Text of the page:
Three years ago, the mood around the First Solar Inc. complex in Perrysburg Township was glum.

The Tempe, Ariz.-based solar panel manufacturer announced the permanent layoff of about 450 employees as it phased out its older panels to make room for its new, larger Series 6 thin-film panels.

The Series 6 went into production in mid-2018, and on Thursday the company commenced producing more of the Series 6 at a new plant that just opened in Lake Township.

Their combined annual production capacity of 1.9 gigawatts — 600 megawatts at Perrysburg Township and 1.3 gigawatts at Lake Township, makes First Solar the largest solar manufacturer not just in the United States, but in the entire Western Hemisphere, the company said.

The area workforce, which had dipped to around 800 after being just over 1,200, now stands at 1,400 employees.

“Based on our customers’ needs, we have the ability to ship anywhere in the world. This added capacity positions us to expand our support within the U.S. solar sector with American-made manufacturing,” Jay Lake, a First Solar spokesman said via email.

In a company statement, First Solar CEO Mark Widmar expressed pride that the company delivered on its promise in 2018 to minimize the layoffs by building the Lake Township plant and making it operational as quickly as possible.

“Eighteen months ago, we announced that we would expand our manufacturing footprint in the United States in response to demand. We have delivered,” Mr. Widmar said. “The fact that we were able to transform a greenfield site into a high-tech manufacturing facility in that time, and on time, speaks volumes about not just the scalability of our technology, and our ability to deliver on our commitments, but also the relentless energy of our people, our towering strength.”

First Solar officials have always said that the Series 6, which is larger, more efficient, and up to 40 percent cheaper to manufacture than the older Series 4 panels, would be a game-changer for the company.

Tymen de Jong, First Solar’s chief operating officer, suggested that the Lake Township plant, which he called “a factory of the future” also could be a game-changer in terms of manufacturing.

“Its levels of automation, digitalization, machine learning, and artificial intelligence demonstrate that the ambitions of Industry 4.0 are not out of reach for the (Photo Voltaic) manufacturing industry,” Mr. de Jong said. “We’re incredibly proud of what we have achieved, and we are proud to have achieved it in Northwestern Ohio, the technological home of American solar.”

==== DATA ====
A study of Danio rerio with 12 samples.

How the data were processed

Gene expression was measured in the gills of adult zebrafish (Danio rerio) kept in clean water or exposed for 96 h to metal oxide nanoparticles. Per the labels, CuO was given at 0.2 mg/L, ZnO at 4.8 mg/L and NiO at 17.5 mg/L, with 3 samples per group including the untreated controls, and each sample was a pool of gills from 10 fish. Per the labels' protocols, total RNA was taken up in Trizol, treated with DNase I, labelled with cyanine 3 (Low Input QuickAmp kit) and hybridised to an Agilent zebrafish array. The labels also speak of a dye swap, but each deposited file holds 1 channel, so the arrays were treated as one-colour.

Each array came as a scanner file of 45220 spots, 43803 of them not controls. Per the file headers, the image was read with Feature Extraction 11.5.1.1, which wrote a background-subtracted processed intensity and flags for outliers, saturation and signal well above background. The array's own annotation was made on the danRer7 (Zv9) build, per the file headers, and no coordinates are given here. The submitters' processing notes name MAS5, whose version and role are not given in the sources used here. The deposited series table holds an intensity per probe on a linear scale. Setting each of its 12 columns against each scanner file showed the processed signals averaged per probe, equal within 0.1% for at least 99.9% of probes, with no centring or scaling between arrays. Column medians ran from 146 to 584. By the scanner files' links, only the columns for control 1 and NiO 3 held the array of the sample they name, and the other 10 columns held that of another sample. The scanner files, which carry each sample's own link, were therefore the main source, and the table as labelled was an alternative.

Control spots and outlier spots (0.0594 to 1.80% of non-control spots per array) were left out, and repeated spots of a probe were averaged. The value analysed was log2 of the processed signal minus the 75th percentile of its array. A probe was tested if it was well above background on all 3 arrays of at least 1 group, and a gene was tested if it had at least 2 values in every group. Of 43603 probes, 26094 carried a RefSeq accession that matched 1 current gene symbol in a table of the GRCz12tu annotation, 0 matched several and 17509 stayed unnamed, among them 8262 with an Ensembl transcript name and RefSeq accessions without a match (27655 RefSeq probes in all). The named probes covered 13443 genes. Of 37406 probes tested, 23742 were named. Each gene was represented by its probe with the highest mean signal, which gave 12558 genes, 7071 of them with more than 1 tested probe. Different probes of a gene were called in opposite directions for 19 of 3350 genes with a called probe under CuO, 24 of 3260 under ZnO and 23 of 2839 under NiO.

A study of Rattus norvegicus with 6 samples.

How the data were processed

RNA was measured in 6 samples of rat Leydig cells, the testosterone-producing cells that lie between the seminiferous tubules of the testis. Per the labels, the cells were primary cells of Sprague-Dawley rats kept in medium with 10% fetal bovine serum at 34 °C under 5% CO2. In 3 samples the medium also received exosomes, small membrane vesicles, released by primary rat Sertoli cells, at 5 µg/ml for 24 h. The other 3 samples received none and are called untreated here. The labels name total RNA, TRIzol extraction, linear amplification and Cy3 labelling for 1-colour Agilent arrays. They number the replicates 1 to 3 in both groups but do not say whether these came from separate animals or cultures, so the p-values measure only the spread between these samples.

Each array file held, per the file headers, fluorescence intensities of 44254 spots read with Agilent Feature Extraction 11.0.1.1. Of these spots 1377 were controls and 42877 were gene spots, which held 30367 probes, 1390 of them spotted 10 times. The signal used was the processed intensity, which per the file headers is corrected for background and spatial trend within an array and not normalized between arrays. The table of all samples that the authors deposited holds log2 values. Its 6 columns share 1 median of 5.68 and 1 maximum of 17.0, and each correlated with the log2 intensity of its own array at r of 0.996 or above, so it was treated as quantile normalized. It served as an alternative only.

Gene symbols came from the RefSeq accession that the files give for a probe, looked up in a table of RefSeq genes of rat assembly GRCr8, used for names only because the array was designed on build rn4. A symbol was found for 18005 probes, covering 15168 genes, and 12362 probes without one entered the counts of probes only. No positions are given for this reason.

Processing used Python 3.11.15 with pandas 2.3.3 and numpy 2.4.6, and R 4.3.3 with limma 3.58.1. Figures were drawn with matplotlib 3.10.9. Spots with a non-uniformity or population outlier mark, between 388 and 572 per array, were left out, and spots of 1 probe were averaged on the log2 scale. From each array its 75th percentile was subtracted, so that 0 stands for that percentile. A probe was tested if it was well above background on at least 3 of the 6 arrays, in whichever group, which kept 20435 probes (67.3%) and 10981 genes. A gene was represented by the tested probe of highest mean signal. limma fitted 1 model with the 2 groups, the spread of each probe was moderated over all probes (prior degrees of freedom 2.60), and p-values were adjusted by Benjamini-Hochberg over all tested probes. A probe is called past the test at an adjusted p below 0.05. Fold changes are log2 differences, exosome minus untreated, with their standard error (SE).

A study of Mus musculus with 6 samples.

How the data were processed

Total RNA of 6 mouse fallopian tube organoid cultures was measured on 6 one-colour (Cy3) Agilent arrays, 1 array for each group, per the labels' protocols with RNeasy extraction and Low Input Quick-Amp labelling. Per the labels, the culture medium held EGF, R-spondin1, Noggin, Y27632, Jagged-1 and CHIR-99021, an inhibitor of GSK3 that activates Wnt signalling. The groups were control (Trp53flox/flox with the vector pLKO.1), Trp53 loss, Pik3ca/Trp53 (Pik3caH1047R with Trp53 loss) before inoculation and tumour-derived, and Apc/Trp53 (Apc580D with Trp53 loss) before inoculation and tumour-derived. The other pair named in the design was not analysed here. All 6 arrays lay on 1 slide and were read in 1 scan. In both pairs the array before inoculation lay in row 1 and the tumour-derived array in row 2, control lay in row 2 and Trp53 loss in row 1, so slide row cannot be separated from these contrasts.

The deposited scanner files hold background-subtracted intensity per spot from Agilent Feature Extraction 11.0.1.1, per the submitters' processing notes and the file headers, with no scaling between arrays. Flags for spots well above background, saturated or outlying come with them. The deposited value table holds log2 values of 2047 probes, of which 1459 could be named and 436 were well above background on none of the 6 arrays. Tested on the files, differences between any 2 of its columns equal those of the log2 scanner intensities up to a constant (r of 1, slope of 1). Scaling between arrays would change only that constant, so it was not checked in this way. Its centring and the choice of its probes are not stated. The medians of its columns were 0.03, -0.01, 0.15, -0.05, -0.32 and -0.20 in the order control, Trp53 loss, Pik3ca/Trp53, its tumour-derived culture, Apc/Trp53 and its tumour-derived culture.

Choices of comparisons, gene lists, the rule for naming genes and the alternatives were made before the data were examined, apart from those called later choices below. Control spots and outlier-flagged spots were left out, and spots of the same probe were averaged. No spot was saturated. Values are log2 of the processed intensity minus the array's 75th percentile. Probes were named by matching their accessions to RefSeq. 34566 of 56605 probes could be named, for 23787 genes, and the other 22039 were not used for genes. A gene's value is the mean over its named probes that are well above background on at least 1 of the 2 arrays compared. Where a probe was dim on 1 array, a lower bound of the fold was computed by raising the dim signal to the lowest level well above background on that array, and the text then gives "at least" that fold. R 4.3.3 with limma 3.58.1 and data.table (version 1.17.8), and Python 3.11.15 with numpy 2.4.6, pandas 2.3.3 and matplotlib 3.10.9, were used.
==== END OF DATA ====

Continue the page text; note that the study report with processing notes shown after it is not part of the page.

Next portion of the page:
The Series 6 was partially designed at First Solar’s R&D center in northwest Ohio and at another center in California. A Series 6 module can be produced in just 3½ hours using the company’s new fully-integrated manufacturing processes.

Thin film technology, which is based on cadmium telluride, has a carbon footprint that’s up to six times lower than crystalline silicon solar panels made using conventional, energy-intensive production methods.

The company is so convinced that the product will be a huge seller that it struck a deal with NSG Pilkington North America, a maker of sheet glass and the owner-operator of the Rossford glass plant, to invest $265 million to construct a 511,000-square-foot float glass plant in Wood County’s Troy Township.

The glass plant, which is under construction, will make specialty sheet glass for the Series 6 solar panel. First Solar’s manufacturing operations in Lake and Perrysburg Townships are just 10 miles from the glass plant site.

The opening of the Lake Township plant comes as First Solar also is celebrating two decades since its founding in 1999. The company is also celebrating a milestone — 25 gigawatts of photovoltaic modules shipped, something that no other American solar module manufacturing company has achieved.

On the Nasdaq market Thursday, First Solar shares gained 61 cents to close at $55.89.


Posted By: The Toledo Blade on October 30, 2019.  For more information, please click here to read the source article.